Alberta wildfires: Metis settlement asks province for 2nd access road

Click to play video: 'Indigenous community near High Prairie feels left behind in Alberta wildfire response'
Indigenous community near High Prairie feels left behind in Alberta wildfire response
WATCH: East Prairie Metis Settlement, located near High Prairie in the Slave Lake region, is focusing on a rebuilding after nearly 30 homes burned. But the province's wildfire response has left the Indigenous community feeling left behind. Morgan Black explains – May 9, 2023

The only way in and out of the East Prairie Metis Settlement is a 40-kilometre range road that connects with Highway 2 some 360 kilometres northwest of Edmonton.

Resident Ron Bellerose said it’s a good thing a devastating May wildfire started south of the community and didn’t cut off the road leading north to the key highway.

“There’s only one escape route in East Prairie and that’s the scary part,” says Bellerose, who has been living in a hotel room in nearby High Prairie since the blaze levelled his home about two months ago.

As he waits for a new modular home to fill the hole on his land, the 63-year-old is worried the settlement could be one natural disaster away from a life-threatening catastrophe.

“If a fire starts next spring from the northeast corner and heads south, that’s going to be a whole different story,” he says.

Close call for firefighters on East Prairie Metis Settlement

The chair of East Prairie says building a second access road has become a priority.

Raymond Supernault says there was another fire that followed the one that prompted the settlement’s evacuation.

The second one started on the community’s northeast end.

“It was crossing our highway that we use to get out of East Prairie and to get to High Prairie,” he says.

If fires were to ignite both on the south and north ends at the same time, Supernault says the community would have been trapped inside.

“It would be hazardous for us — we don’t want to be stuck in here during emergencies,” he says.

Click to play video: 'Wildfire devastates East Prairie Metis Settlement in northern Alberta'
Wildfire devastates East Prairie Metis Settlement in northern Alberta

Supernault says the settlement has been asking the provincial government for an alternate route for more than two decades, but nothing has been done. The settlement can’t afford to build one and would need the province’s help.



Click to play video: 'Alberta wildfires: Officials confirm firefighter seriously injured'
Alberta wildfires: Officials confirm firefighter seriously injured

Over the last two months, wildfires burned more than 14,000 square kilometres across the province and forced 38,000 Albertans out of their homes.

East Prairie lost about 40 homes, of which 14 were inhabited at the time of the wildfire, says Coun. Reva Jaycox.

The Alberta government approved a $175-million recovery program earlier this month to help municipalities and Metis settlements affected by wildfires.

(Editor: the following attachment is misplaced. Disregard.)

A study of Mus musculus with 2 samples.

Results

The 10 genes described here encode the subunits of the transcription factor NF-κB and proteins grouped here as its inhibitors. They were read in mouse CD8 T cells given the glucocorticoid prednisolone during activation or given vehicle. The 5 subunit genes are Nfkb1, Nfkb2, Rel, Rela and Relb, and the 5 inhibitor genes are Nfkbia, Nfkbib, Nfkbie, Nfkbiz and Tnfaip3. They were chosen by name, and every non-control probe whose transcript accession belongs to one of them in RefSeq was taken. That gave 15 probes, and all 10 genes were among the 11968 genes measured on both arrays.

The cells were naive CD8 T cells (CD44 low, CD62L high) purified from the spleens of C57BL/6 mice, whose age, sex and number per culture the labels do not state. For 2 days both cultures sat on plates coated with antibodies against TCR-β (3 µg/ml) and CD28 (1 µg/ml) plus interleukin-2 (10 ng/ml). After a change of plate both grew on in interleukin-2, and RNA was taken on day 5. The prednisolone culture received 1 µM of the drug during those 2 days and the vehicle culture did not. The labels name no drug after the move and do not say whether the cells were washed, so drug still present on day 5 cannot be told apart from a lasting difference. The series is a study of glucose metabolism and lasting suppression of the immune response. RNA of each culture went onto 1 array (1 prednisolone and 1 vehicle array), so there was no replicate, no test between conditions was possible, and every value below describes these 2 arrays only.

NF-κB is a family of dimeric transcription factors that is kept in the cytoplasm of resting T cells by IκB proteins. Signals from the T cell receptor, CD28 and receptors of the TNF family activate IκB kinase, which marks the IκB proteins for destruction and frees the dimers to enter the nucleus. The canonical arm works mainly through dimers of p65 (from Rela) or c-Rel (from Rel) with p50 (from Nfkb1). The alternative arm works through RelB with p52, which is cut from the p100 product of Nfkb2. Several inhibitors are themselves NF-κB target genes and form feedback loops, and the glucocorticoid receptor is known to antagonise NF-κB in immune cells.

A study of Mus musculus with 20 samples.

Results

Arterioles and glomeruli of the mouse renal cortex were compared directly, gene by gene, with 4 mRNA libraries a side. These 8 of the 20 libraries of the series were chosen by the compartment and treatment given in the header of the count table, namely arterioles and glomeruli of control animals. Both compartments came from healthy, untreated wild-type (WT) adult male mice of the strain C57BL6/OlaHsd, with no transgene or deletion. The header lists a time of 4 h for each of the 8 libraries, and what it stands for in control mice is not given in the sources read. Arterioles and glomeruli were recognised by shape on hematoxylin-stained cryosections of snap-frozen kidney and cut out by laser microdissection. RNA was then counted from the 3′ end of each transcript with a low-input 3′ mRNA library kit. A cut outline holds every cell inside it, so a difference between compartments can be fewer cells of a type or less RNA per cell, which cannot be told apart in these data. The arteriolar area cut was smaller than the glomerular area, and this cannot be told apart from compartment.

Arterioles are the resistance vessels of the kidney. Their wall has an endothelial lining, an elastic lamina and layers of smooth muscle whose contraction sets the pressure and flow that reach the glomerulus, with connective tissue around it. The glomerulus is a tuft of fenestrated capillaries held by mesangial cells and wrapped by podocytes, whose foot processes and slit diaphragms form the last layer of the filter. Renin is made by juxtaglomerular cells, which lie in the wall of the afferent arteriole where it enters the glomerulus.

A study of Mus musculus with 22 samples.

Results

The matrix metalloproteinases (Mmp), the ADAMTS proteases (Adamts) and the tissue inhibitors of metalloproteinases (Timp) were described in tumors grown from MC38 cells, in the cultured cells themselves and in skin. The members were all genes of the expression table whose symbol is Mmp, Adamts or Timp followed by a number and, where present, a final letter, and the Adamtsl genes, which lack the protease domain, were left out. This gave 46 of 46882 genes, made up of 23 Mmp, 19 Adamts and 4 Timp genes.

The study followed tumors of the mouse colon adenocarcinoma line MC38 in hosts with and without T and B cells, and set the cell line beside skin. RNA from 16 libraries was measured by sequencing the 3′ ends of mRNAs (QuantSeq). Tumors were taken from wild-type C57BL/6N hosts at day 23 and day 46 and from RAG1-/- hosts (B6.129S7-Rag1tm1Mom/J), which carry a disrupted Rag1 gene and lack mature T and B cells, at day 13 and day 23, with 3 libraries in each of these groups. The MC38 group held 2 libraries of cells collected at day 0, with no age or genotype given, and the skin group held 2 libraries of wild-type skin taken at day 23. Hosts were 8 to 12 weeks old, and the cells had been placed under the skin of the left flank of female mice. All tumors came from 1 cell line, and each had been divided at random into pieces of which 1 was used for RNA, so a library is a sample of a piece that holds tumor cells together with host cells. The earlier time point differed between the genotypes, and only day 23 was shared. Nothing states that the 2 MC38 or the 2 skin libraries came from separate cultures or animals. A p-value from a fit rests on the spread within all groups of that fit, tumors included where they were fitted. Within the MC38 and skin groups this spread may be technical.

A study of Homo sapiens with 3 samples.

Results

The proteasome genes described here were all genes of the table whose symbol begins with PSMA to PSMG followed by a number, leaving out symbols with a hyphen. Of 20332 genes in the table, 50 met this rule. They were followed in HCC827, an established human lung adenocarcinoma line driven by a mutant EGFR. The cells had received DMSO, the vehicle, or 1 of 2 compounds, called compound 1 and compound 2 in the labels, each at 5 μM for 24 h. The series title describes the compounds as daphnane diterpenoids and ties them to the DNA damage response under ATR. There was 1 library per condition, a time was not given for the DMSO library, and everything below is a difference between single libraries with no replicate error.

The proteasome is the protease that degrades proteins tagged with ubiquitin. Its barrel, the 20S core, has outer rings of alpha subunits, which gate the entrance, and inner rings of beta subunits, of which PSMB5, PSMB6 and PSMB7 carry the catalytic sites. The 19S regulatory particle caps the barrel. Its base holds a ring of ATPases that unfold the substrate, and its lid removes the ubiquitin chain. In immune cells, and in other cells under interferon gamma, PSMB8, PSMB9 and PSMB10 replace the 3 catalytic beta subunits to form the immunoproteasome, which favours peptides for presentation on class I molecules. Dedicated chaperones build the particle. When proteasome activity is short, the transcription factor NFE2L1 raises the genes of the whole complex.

Restoring homes and demanding alternate access is just the beginning, Jaycox said, adding she expects the recovery to take at least two years.

That includes cleaning the burnt forest, establishing stronger fireguards surrounding the settlement, as well as reforesting lands that may take about 20 years to fully develop.

Click to play video: 'Province to provide financial support for Albertan communities hit by wildfires'
Province to provide financial support for Albertan communities hit by wildfires

Jaycox points at a map, titled “East Prairie Harvest Plan,” posted on the wall in the settlement’s office.

It shows a fireguard around the settlement — a 400-metre-wide gap between the tree line and the community to stop flames from jumping in.

Supernault came up with the idea four years ago after another Metis settlement 390 kilometres north — Paddle Prairie — lost homes in a wildfire.


“We cleared it, but we were supposed to go back and mulch it and burn the other little debris,” he said. “And that didn’t happen.”

The fire is also prompting residents to better fireproof their homes.

Bellerose plans to install a water pump on his property and knock down trees.

“You’ll be able to see the farmhouses down the highway,” he said.

Alberta’s Ministry of Indigenous Relations says it is hard to completely fireproof a community, but suggested practising FireSmart techniques could reduce damage

Click to play video: '‘It’s time that we take charge and take ownership’: FireSmart Alberta'
‘It’s time that we take charge and take ownership’: FireSmart Alberta

FireSmart, a program by the Forest Resource Improvement Association of Alberta, has been helping communities to manage wildfire threats since 2013. It has recommendations on how to construct, maintain and landscape properties in a way that lessens the risk of materials igniting.


The ministry acknowledged the “need for more comprehensive insurance options for Metis settlements.”

“Given what we have seen this spring and in previous wildfire scenarios, we know a longer-term solution is needed to mitigate the elevated risks settlements face.”